4:00pm Monday 20th August 2012 in Pendle
A SECOND takeaway boss accused of attacking a man who was ‘left for dead’ with a fractured skull has denied assault.
Mohammed Nawaz, 44, told a Burnley Crown Court jury he was a family man, and a businessman, and had never used violence to anyone in his life.
Nawaz and his brother, Mohammed Arfan, 36, are business partners and run several branches of the Dixie Chicken franchise, in the Burnley and Pendle areas.
The pair, together with their employee, Mohammed Javed, 41, are said to have jumped from a car and attacked Asif Hussain, 39, with weapons, in Colne Road, Brierfield, on June 20 last year. Mr Hussain suffered multiple injuries, including a broken leg. He has claimed to the jury they were def-initely responsible for the ‘brutal’ assault and left him for dead.
Arfan, of Manchester Road, and Nawaz, of Hardy Avenue, both Nelson, and Javed, of Burnley Road, Brierfield, all deny causing grievous bodily harm with intent.
The prosecution has claimed there was an escalating dispute between the trio and Mr Hussain in the days leading up to the attack.
It is alleged the brothers and Javed attacked him to punish, and intimidate, him because they thought he had been showing disrespect.
As Nawaz gave evidence, the hearing was told Mr Hussain was said to have accepted he had driven round the back of the defend- ant’s house and slashed his tyres at 4am.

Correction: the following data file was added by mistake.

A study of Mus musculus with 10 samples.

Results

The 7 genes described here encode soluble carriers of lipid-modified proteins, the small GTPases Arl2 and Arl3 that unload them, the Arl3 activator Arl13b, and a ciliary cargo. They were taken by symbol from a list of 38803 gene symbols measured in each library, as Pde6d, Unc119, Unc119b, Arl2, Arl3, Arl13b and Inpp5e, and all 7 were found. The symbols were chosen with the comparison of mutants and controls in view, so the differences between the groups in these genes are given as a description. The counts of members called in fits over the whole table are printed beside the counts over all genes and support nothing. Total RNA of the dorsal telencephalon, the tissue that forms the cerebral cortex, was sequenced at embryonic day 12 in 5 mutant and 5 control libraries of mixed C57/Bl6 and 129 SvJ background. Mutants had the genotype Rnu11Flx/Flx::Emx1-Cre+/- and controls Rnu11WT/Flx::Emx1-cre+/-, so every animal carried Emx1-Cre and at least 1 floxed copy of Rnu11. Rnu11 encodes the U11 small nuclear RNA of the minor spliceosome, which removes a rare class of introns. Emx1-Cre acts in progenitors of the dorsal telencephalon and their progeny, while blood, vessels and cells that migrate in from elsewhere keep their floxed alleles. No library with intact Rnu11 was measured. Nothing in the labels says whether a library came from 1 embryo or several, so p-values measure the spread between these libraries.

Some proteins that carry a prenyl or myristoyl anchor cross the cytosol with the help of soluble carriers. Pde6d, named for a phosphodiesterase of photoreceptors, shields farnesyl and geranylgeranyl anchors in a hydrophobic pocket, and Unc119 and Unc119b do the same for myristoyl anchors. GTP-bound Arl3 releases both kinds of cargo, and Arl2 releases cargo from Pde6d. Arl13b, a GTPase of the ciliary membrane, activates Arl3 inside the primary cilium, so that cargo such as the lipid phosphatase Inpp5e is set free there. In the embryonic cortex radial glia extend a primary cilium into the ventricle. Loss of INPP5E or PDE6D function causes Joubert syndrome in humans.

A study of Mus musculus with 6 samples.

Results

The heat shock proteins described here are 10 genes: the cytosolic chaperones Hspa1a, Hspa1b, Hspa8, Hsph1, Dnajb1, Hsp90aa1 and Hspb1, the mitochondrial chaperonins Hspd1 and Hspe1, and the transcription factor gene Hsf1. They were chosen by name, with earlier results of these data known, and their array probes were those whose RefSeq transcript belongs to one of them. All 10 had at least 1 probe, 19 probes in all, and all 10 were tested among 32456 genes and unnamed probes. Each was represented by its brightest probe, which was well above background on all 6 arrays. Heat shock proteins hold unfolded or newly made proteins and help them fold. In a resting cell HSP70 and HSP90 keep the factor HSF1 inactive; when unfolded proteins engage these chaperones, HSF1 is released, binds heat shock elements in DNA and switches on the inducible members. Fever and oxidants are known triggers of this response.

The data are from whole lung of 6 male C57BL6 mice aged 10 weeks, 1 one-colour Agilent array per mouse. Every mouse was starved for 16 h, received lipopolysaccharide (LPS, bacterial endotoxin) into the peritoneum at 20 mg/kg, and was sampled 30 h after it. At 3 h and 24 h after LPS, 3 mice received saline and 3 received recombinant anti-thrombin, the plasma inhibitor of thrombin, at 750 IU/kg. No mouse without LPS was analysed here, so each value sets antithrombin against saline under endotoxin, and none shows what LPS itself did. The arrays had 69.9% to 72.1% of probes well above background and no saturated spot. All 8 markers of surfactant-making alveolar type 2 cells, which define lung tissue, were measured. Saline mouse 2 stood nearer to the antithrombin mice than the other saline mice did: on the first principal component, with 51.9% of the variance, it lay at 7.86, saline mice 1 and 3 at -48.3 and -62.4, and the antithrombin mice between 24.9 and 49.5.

Nawaz told the court after he had had his tyres sorted out, he drove to Brierfield. He claimed three people were standing outside a vehicle. One was Mr Hussain and he had a knife. The defend-ant alleged one of the other two hit him on the head with a hockey stick, and he was chased to the Dixie Chicken shop.
Nawaz was asked by his barrister, Ben Morris: “Why do you feel Asif Hussain and the two others were behaving like this towards you?”
The defendant alleged: “They are drug dealers and we stopped them using our car park.”
Nawaz said he had taken Javed home from the Nelson Dixie Chicken shop at about 7pm, had gone to Burnley, and had then gone home. He said he took his dog for a walk and phoned Javed to discuss him work-ing the day after. The defendant said at about 10pm to 10.30pm, he was contacted and told Asif Hussain had been run over by a car.
There were rumours he and his brother had run Mr Hussain over and when his sons, who had been to the gym, told him, he then got a bit concerned. The court heard Nawaz, who discussed the matter with a solicitor and realised police wanted to speak to him, went to the police station. He was arrested and accused.